5 exercises that help you deal with horse show anxiety

By Annette Paterakis

Our mindset, beliefs and past experiences have a big impact on how we feel about competing. Sometimes just thinking about going to a horseshow can already cause us to freeze and feel anxious. This physically unpleasant feeling is our survival mechanism at work. This mechanism has developed over thousands of years and helped us survive. However, when we are on a horse, this “fight or flight” response is not very helpful. Although this survival mechanism is pretty powerful and it takes some practice to overrule, the following exercises will help you create a more manageable amount of pressure.

Breathing exercise

The reason why deep breathing and relaxation exercises are so important is because by doing so we send a signal to our brain that the “danger” is over. Imagine your horse freezing or running away after seeing something scary. 2 minutes later he will be happily grazing again. The grazing actually helps him to relax the muscles in his jaws and thus sends the same calming signals to his brain as you do by breathing deeply and relaxing your own muscles. Thinking your way out of anxiety never really works, as the “rational thinking” part of the brain gets shut down when we are in survival mode. This also explains why we fail to make rational decisions under pressure and why we can’t remember our course plan. So, next time you feel anxious, thank your brain for trying to protect you and shift your focus towards your lower abdomen. Then breathe in through your nose on a count of 4, hold your breath on a count of 7 and breathe out through your mouth on a count of 8. Repeat 4 times and make sure to practice this type of breathing twice a day to exercise your ability to relax your body and mind. After about 4 to 6 weeks you will be able to feel the benefits when you need it the most.

Set clear goals

In preparation for your show, make sure to set a clear process based goal for yourself, something you have complete influence over. Like “taking 10 minutes to prepare yourself mentally before the class” or “taking a deep breath in the turn between jump number 5 and 6” for example. You can also set a goal for your horse, like “keeping him in front of you” or “keeping a forward rhythm in the ring”. Stick to maximum two goals until you have mastered them and they have become a habit or an automatic reaction, you can then set new goals. This way you are less likely to get overwhelmed by anxiety and much more likely to improve.


The more we go over a certain situation in our minds, the more we fire specific neurons in our brain and create a neural pathway. By thinking about what could go wrong, you strengthen a negative neural pathway. By thinking about or imagining how it could go right, you activate and strengthen a more desired neural pathway. Visualization is therefor a great tool to strengthen your mind and focus. Two ways to use visualization at a horse show could be: One, visualize your best round ever. Go back to a memory of when you rode really well and everything just seemed to come naturally. Make sure you remember that great and exciting feeling, as positive emotions are a powerful way to activate the desired neural pathway in your brain. The second way would be to visualize your course exactly the way you want to ride it, do this three times and then let it go and trust yourself that you will ride the way you imagined you would.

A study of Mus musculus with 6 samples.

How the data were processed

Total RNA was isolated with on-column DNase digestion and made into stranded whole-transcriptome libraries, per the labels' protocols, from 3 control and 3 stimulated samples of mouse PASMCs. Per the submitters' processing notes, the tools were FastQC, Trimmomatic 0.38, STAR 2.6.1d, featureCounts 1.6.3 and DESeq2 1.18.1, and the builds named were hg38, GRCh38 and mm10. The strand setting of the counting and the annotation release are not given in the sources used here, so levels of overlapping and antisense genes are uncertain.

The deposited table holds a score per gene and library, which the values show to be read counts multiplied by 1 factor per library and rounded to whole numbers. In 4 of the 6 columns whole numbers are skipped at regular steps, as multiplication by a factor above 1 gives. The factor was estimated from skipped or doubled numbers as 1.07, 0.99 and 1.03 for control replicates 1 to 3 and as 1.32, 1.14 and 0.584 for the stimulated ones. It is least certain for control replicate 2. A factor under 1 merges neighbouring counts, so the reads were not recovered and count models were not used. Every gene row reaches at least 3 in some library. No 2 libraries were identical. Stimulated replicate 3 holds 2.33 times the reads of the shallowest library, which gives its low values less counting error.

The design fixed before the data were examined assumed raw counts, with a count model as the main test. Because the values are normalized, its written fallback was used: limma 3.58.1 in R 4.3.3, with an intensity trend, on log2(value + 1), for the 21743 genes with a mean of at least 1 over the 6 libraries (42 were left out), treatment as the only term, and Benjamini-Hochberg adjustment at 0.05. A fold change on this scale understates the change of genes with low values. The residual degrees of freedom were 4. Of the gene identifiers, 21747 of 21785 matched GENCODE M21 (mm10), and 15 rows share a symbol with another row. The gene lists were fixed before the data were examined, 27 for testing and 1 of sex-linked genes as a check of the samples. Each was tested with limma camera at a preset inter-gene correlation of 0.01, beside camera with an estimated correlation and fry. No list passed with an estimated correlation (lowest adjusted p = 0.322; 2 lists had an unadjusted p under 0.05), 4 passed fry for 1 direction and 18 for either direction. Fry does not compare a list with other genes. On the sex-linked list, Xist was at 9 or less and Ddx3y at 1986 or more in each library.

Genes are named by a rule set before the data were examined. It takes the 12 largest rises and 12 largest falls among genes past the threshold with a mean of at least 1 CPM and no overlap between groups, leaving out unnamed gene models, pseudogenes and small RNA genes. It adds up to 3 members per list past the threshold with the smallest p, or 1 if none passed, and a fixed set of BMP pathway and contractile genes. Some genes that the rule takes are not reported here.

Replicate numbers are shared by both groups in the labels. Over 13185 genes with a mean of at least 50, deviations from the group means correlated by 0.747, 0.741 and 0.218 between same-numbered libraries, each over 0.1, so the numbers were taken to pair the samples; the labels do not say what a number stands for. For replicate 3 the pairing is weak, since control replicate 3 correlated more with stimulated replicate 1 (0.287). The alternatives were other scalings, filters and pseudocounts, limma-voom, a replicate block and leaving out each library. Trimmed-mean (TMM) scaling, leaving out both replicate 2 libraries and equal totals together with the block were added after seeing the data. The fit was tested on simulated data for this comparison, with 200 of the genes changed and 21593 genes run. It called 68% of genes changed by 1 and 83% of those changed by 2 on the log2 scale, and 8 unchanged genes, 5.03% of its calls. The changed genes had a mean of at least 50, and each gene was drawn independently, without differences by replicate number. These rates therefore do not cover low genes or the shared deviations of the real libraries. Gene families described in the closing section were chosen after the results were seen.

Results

Power pose

Our mind has a powerful way of impacting our body. It can make our heart rate go up, our legs feel like jelly and our tummies turn. However, by turning it around and changing our body posture, we can impact our mind too. Imagine an anxious rider going into the arena, what does their body language look like? Small posture, hunched shoulders, tense face? Now think of the opposite, a rider with confidence, how would you describe this body language? Shoulders back, open chest, smile on their faces? This difference in body posture activates different hormones and therefor how we feel and think. Studies have shown that an insecure body posture activates the fight or flight system, making you feel more anxious. However, a confident posture will increase your testosterone level, making you feel more confident, in control and ready to take more risks. So take on the posture that represents the state you want to be in and just fake it till you make it.

Mindset exercise

Perhaps the most important influence on how you feel about competing is your mindset. What do you believe to be true? Do you believe that you must have natural talent to become a great and successful rider? Do you believe making mistakes in the ring is proof that you are not good enough? Or that having to put in a lot of effort means you don’t have what it takes? And do you define success by winning only? If you recognize yourself in these statements, you have probably adopted a fixed mindset, which is not helping you at all. Instead, opt for a growth mindset and focus on becoming a better rider through practice and learning from your mistakes. When at a show, do your very best and take charge of the process. Successful riders are obsessed with becoming better riders, not just with winning classes.

Side note:

If you have worked on the exercises above, but still find yourself becoming very anxious when at a show, this could be caused by a bad fall or negative experience(s) in the past. If that is the case, it might be a good idea to get some help from a professional, such as a (sport) psychologist or a mental coach. Experiences like this can definitely be overcome by using techniques like EMDR or EFT.